Psychiatrists are on the front lines of the troubling state of mental health care in America. Our patients demonstrate the diversity of problems faced in mental health, including poor access, demand that far exceeds supply, high costs, and stigma. As the US population grows, insurance coverage and reimbursements shift, and the cohort of psychiatric providers is unevenly distributed across the country, the supply and demand mismatch will only worsen. Awareness of these limitations often makes it difficult to appreciate that we are also at the front lines of exciting, hopeful new solutions to these problems—as long as we pay attention to the progress happening around us and learn how best to integrate it into our practice.
There is a strong imperative to develop innovative and scalable solutions that address the gaps in access to and quality of care; and solutions are being created by various parties (eg, entrepreneurs, investors, insurance companies, politicians, hospital administrators, and patients). It is now more important than ever that we join forces with stakeholders and share our ideas and expertise to create new ideas that work for our patients and for the systems in which we function.
Brainstorm, the Stanford Laboratory for Brain Health Innovation and Entrepreneurship, is the first of its kind—an academic laboratory dedicated to transforming brain health through entrepreneurship. Brainstorm applies the biopsychosocial model of disease to tackle problems on the systems level. Launched by a founding team of physicians from around the country, we unite the worlds of medicine, business, and technology to foster innovative ventures that optimize health and human potential. We accomplish this through education, collaboration, and creation.
Through research and collaboration with academic and industry leaders, we have found that for an innovative solution to successfully address challenges, it should be safe, effective, accessible, affordable, measurable, and scalable. Technological innovations are rapidly emerging because they are uniquely suited to meet these criteria—and meet them quickly. From the more familiar text messaging, video conferencing, and mobile phone applications to the newer areas of virtual reality, augmented reality, behavior tracking, wearables, sensors, and chatbots—these are the solutions that can change the future of psychiatry.
To avoid any conflict of interest or perception of endorsement in this article, we discuss the technologies in general categories instead of giving specific examples or using company names. Many mental health technological ventures are early stage and are still working toward clinical validation and/or development of a sustainable business model.
Technology as a solution
Accessibility. Technology gets care to patients who cannot otherwise reach care. Whether the issue is transportation, inconvenience, or short-staffing of psychiatrists in a particular geographic location, the problem is the same—patients lack access to quality mental health care. What many people can access, however, is a smartphone, computer, or their local, tech-friendly hospital. Innovators are using tools for patient care that are not very different from the ones we know (eg, FaceTime), which we use to chat with family or friends around the world. Technology is being used to provide app-based therapy, coverage in psychiatric emergency departments, consultation to medical care, and rounds on inpatient psychiatric units—all in settings that previously may not have had access to psychiatric coverage.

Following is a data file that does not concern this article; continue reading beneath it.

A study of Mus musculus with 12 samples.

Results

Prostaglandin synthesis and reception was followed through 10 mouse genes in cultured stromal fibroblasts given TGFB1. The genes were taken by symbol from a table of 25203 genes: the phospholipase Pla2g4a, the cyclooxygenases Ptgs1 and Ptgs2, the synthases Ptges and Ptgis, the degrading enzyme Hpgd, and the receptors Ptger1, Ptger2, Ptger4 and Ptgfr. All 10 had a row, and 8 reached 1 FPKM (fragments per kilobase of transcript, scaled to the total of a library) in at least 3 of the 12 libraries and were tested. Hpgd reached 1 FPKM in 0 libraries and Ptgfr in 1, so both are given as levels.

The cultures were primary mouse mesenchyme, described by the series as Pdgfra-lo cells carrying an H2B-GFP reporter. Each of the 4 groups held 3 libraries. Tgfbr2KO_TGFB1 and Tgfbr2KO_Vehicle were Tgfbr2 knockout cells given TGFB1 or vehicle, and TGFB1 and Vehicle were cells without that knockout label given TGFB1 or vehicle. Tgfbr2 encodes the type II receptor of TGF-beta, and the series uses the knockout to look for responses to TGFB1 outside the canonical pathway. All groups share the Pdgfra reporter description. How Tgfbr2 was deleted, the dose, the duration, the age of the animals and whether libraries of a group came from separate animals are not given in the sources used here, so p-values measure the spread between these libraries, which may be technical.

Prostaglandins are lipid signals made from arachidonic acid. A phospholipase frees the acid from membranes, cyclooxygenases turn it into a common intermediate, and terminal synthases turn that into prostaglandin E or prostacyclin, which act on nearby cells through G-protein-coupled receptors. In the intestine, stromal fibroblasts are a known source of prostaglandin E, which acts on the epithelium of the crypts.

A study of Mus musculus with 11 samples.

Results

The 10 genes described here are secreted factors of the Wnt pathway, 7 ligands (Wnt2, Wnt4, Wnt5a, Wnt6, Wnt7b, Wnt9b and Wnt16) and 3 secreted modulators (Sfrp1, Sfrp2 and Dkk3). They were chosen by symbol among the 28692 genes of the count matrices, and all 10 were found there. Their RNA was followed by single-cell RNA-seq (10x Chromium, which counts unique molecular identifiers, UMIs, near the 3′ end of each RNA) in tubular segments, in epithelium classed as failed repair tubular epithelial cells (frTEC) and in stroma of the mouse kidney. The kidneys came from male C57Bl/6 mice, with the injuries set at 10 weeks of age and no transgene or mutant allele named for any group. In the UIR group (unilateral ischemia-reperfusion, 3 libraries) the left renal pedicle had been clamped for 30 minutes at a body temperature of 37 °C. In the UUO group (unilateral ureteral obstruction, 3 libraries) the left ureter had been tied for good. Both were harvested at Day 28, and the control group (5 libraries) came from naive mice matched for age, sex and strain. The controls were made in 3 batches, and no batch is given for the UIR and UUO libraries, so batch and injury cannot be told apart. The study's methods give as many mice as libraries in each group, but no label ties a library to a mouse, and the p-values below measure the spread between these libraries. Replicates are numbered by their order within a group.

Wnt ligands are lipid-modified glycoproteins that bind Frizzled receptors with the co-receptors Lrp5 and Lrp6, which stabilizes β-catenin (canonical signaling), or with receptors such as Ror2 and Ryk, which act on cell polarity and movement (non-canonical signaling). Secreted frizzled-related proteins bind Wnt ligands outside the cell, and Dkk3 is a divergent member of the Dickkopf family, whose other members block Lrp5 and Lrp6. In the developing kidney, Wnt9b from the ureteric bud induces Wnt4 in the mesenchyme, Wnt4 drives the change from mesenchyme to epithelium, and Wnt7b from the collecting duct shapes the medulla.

Affordability. Digital mental health services provide affordable alternatives to traditional care. They lessen some of the fixed and variable overhead costs of more human resource-heavy solutions, such as office space, waiting rooms, and administrative staff. This means that care can be delivered by providers more efficiently, and it can be obtained by patients more affordably.
Dr. Vasan is Founder and Director of Brainstorm: The Stanford Laboratory for Brain Health Innovation and Entrepreneurship, Chief Resident in Adult Psychiatry at Stanford University School of Medicine, and MBA Candidate at Stanford Graduate School of Business; Dr. Chaudhary is Founding Partner at Brainstorm, Chief Resident in Child and Adolescent Psychiatry at Massachusetts General Hospital/McLean, and Clinical Fellow at Harvard Medical School; Dr. Aragam is Founding Partner at Brainstorm and Chief Resident in Adult Psychiatry at Massachusetts General Hospital/McLean; Ms. Nagpal is Junior Fellow at Brainstorm and Founder of CS+Mental Health; Ms. McKenzie is Junior Fellow at Brainstorm and a student at Stanford University; Ms. Chen is a Scholar at Brainstorm.
Dr. Vasan receives royalties from Wiley as the author of Do Good Well: Your Guide to Leadership, Action, and Social Innovation; Dr. Chaudhary, Dr. Aragam, Ms. Nagpal, Ms. McKenzie, and Ms. Chen report no conflicts of interest concerning the subject matter of this article.